Equalisation Fund; reflecting on the decade lost to squabbling

Commission on Revenue Allocation

Commission on Revenue Allocation officials present a report on the second policy identifying marginalised areas of Kenya and the criteria for sharing revenue from the Equalisation Fund to President Uhuru Kenyatta at State House, Nairobi.

Photo credit: File | Nation Media Group

Some counties and communities in Kenya have been exposed to extreme marginalisation for decades. The role played by the colonial government in framing policies and practices which set the stage for marginalisation in Kenya cannot be gainsaid.

The Closed District Policy of 1902 stands out for its notoriety in dividing Kenya into two. The policy had been used to separate Northern Frontier Districts (NFD) from the rest of Kenya and so followed a systemic methodical exclusion of the NFD and its people from the participation in integrated social and economic development.


Ubiquity of marginalisation is also evident in other parts of the country, especially the colonial era practice of encouraging white settler investment and settlement along the Kenya-Uganda Railway relegated other areas to ghost towns.

The successive post-colonial governments did not do much to quell the impact of the colonial era policies. In fact, the Sessional Paper No. 10 of 1965 is one of the most regressive policy papers that had openly perpetuated marginalisation.

The policy emphasised investment in high potential areas such as towns with high agricultural output, this had entrenched extreme marginalisation for nearly 50 years until the promulgation of the 2010 Constitution.

Stakeholders’ squabbles

The Equalisation Fund is a special fund established under Article 204 of the 2010 Constitution. Constitutionalising the fund was meant to achieve two things. Firstly, it was meant to establish a corrective redistributive mechanism for marginalised areas to enable them catch-up with the rest of the country and, secondly, Article 204 was intended to ring-fence the fund from misapplication and thus the Article deliberately highlighted the priory areas of water, health, roads and electricity as the sectors for which the fund should be expended.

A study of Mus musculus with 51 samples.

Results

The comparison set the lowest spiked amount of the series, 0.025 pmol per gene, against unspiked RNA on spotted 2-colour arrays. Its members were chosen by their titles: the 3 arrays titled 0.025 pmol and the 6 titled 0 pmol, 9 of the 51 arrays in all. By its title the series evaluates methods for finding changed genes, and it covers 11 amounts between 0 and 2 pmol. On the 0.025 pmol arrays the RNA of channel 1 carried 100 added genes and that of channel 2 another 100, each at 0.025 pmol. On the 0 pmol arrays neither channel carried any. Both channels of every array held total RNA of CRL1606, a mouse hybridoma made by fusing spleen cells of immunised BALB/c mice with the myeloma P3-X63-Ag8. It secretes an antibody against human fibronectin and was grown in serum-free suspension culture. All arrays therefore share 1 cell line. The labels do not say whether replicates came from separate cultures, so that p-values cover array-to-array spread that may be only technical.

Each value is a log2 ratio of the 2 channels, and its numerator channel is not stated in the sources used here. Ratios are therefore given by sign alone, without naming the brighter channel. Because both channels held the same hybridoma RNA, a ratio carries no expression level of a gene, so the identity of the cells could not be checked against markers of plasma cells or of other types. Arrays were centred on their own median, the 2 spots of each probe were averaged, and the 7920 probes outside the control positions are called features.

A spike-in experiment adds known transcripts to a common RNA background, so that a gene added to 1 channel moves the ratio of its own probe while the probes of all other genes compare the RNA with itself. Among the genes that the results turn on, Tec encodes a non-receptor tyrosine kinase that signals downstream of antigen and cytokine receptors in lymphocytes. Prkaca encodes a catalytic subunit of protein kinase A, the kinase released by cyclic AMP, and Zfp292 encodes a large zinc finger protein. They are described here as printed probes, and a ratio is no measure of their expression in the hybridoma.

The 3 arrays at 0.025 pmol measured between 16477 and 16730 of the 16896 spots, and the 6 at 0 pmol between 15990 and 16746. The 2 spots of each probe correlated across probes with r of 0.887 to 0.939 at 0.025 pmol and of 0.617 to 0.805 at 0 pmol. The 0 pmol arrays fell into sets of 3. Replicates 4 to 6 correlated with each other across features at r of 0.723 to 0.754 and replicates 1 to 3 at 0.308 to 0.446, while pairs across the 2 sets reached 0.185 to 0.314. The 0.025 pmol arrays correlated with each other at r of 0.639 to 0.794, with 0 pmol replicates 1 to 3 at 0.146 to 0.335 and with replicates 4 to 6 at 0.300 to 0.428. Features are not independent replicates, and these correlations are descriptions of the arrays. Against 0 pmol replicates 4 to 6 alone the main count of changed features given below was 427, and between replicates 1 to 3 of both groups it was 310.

The effective date of the fund was the financial year of 2011/2012 with a life span of 20 years. Sadly though, a decade later, the Equalisation Fund has not had much impact on the intended beneficiaries.

This can be attributed majorly to the lack of proper legal framework guiding the utilisation of the fund. This has slowed down the uptake of the fund.

The CS Treasury and National Planning in a gazette notice 1711 of 2015, came up with the guidelines on the administration of the Equalisation Fund whose purpose was to provide guidance on the administration and management of the fund.

The CS constituted the Equalisation Fund and advisory board which was assigned the function of managing the fund. It hasn’t taken long before the Council of Governors moved to the High Court to question the legality of the regulations.

The governors averred that the National Government had no role in the management of the fund and that the board wasn’t properly constituted due to lack of stakeholder consultations.

The litigation went on for three years until 2019 when the High Court declared the 2015 regulations unconstitutional and further directed the Treasury CS to formulate new regulations. The court also ruled that the funds be released to the respective marginalised county governments directly.

Way forward

Following the annulment of the 2015 regulation, Treasury CS Ukur Yatani last year came up with new rules that will govern the administration and management of the fund.

With this regulation, a new board has been constituted to help with the management of the fund. The board which is yet to commence its work has a full in-tray of activities to undertake. The board has the onerous task of achieving so much within the shortest time possible since the fund would lapse within ten years unless the Parliament extends it.

The priority areas of the board shall include broadened public participation and consultative processes. The board should also be very specific in its priority sectors to avoid spanning the scope of the fund and straying into many non-priority sectors.

The board must also develop a collaborative framework between the National and County Governments to forestall stakeholder squabbles.

The CS Treasury and the National Assembly should also fastrack the disbursement of the fund. If all the stakeholders work harmoniously, the Equalisation Fund would undoubtedly change the lives of the forgotten many who have been condemned to the annals of extreme marginalisation.

Mr. Khalif is a commentator on socio-economic and legal issues. He holds Bachelor of Economics and Bachelor of Laws from the University of Nairobi.